At most strip clubs, including the ones I’ve worked at throughout my career as a stripper, dancers work as independent contractors who set their own hours. They show up for work on the days they are able to, allowing them to give priority to things like writing a term paper, studying for a test or putting their children to bed at night.
When I started dancing, I was a student, and being able to set my hours and work only on the days I wanted to work ensured that my grades never suffered. That independence has been important to my success. Sadly, independent contractor status for exotic dancers in California is now threatened.
In its recent Dynamex decision, the California Supreme Court ruled that in order to be an independent contractor, a worker must perform “work that is outside the usual course of the hiring entity’s business.” The work strippers do is clearly not outside the usual course of a strip club’s business. I work as a spokeswoman for Déjà Vu, a company that owns a number of clubs in California, and they, too, are concerned. At least one judge has already issued a ruling that dancers must be classified as employees.
At first glance, one might think that being an employee is inherently preferable to being an independent contractor. After all, who doesn’t want health insurance and worker’s comp coverage? These are desirable benefits to which all exotic dancers should be entitled, and some have said they would prefer to be employees in order to get them. But forcing strippers to become club employees by allowing the Dynamex decision to apply to exotic dancers is not the way to go about it.
Disrobing for money is an unconventional way to earn a living, and there are unique aspects of the job that make employee status for the stripper highly undesirable. Let me explain.
Performers in the adult entertainment industry often want anonymity. Today I’m very public about the nature of my work, but that has not always been the case. When I started dancing, I was private about it, as were many of the women I danced with. I had no interest in filling out forms that would give the club — and potentially government authorities — detailed personal information about myself.
Strippers get naked and dance for our customers. It’s a sensitive profession. As independent contractors, we can perform when, where, how and for whom we want. If we are classified as employees, club managers would be empowered to dictate those conditions. Employers might require us to give free nude performances for customers we don’t feel comfortable with. These are highly personal decisions and the power to make them should be exclusively in the hands of dancers.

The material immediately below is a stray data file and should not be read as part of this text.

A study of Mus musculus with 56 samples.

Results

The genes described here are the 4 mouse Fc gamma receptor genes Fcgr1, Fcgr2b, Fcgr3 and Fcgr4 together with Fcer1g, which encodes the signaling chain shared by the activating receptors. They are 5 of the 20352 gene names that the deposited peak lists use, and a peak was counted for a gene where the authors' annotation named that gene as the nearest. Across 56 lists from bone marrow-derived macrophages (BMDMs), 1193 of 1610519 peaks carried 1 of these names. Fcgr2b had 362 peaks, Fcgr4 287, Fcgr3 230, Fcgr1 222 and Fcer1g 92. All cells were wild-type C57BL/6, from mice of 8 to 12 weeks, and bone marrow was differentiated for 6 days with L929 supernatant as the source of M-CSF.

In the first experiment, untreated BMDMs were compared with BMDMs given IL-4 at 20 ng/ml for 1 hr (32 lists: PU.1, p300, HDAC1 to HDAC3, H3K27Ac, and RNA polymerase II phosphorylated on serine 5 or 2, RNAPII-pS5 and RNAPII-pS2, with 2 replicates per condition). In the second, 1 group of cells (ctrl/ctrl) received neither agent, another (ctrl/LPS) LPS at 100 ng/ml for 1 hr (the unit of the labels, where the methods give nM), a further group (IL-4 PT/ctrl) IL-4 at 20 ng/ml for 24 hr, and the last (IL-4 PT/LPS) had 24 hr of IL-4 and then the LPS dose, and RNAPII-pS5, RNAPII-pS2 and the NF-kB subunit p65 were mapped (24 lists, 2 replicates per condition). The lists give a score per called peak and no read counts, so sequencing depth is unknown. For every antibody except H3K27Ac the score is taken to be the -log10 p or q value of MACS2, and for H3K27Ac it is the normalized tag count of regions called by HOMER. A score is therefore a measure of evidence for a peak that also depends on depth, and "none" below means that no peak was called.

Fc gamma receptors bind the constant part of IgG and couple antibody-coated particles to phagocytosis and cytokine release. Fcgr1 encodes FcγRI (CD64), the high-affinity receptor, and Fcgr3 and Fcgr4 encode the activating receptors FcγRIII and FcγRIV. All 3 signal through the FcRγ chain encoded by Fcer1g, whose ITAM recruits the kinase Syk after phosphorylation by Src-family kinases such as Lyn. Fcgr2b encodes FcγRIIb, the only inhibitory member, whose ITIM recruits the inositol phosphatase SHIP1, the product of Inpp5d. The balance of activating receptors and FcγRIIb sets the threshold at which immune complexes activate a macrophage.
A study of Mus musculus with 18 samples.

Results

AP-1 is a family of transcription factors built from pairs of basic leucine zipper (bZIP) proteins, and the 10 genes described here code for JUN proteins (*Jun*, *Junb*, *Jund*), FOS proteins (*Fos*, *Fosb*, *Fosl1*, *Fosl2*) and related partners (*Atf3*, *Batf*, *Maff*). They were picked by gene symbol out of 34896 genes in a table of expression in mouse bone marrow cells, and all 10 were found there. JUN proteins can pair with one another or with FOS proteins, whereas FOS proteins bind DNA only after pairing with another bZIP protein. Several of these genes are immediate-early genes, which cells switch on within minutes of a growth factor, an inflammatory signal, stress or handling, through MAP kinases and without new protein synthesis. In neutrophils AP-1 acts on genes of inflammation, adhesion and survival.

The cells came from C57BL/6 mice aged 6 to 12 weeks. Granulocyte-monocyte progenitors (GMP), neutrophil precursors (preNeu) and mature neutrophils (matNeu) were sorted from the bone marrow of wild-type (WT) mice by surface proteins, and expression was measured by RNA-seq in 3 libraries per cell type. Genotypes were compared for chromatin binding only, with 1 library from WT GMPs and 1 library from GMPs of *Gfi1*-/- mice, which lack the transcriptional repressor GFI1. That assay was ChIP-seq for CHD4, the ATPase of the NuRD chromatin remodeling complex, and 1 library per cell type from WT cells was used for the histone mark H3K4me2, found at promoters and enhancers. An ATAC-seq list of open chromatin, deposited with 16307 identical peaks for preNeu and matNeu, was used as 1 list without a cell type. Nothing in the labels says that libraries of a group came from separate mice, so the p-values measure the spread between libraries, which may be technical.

Finally, employment status is incompatible with the business model of exotic dancing. The successful strippers I know are industrious entrepreneurs. We move from club to club, going where the money is best. Many dancers are raising kids, attending school, or engaged in some other demanding pursuit, and we need to be able to work when we want, where we want, making reliable money paid at the end of each shift. That’s the way it has always worked — until now in California, that is.
The aspirations of strippers seeking strong workplace protections and good benefits are sincere and legitimate, but forcing all dancers to become employees is not the answer. In a state that increasingly relies on independent contractors, be they drivers, caregivers or strippers, we need to find new ways to ensure that all workers, regardless of whether they are employees, have access to health insurance and strong workplace safety protections.
People tend to snicker and blush when talking about strippers. I get it. Sexy is literally in our job description. But the employment status issue is no laughing matter. These are real people, mothers and students — young women seeking to earn a decent living while remaining independent.
Sacramento needs to pass legislation to undo the damage imposed by the Dynamex standard on exotic dancers. There have undoubtedly been cases in which companies of all types have abused independent contractors. But not all independent contractors are exploited and not all wish to be employees. We need legislation that will allow workers to continue working as independent contractors if they choose.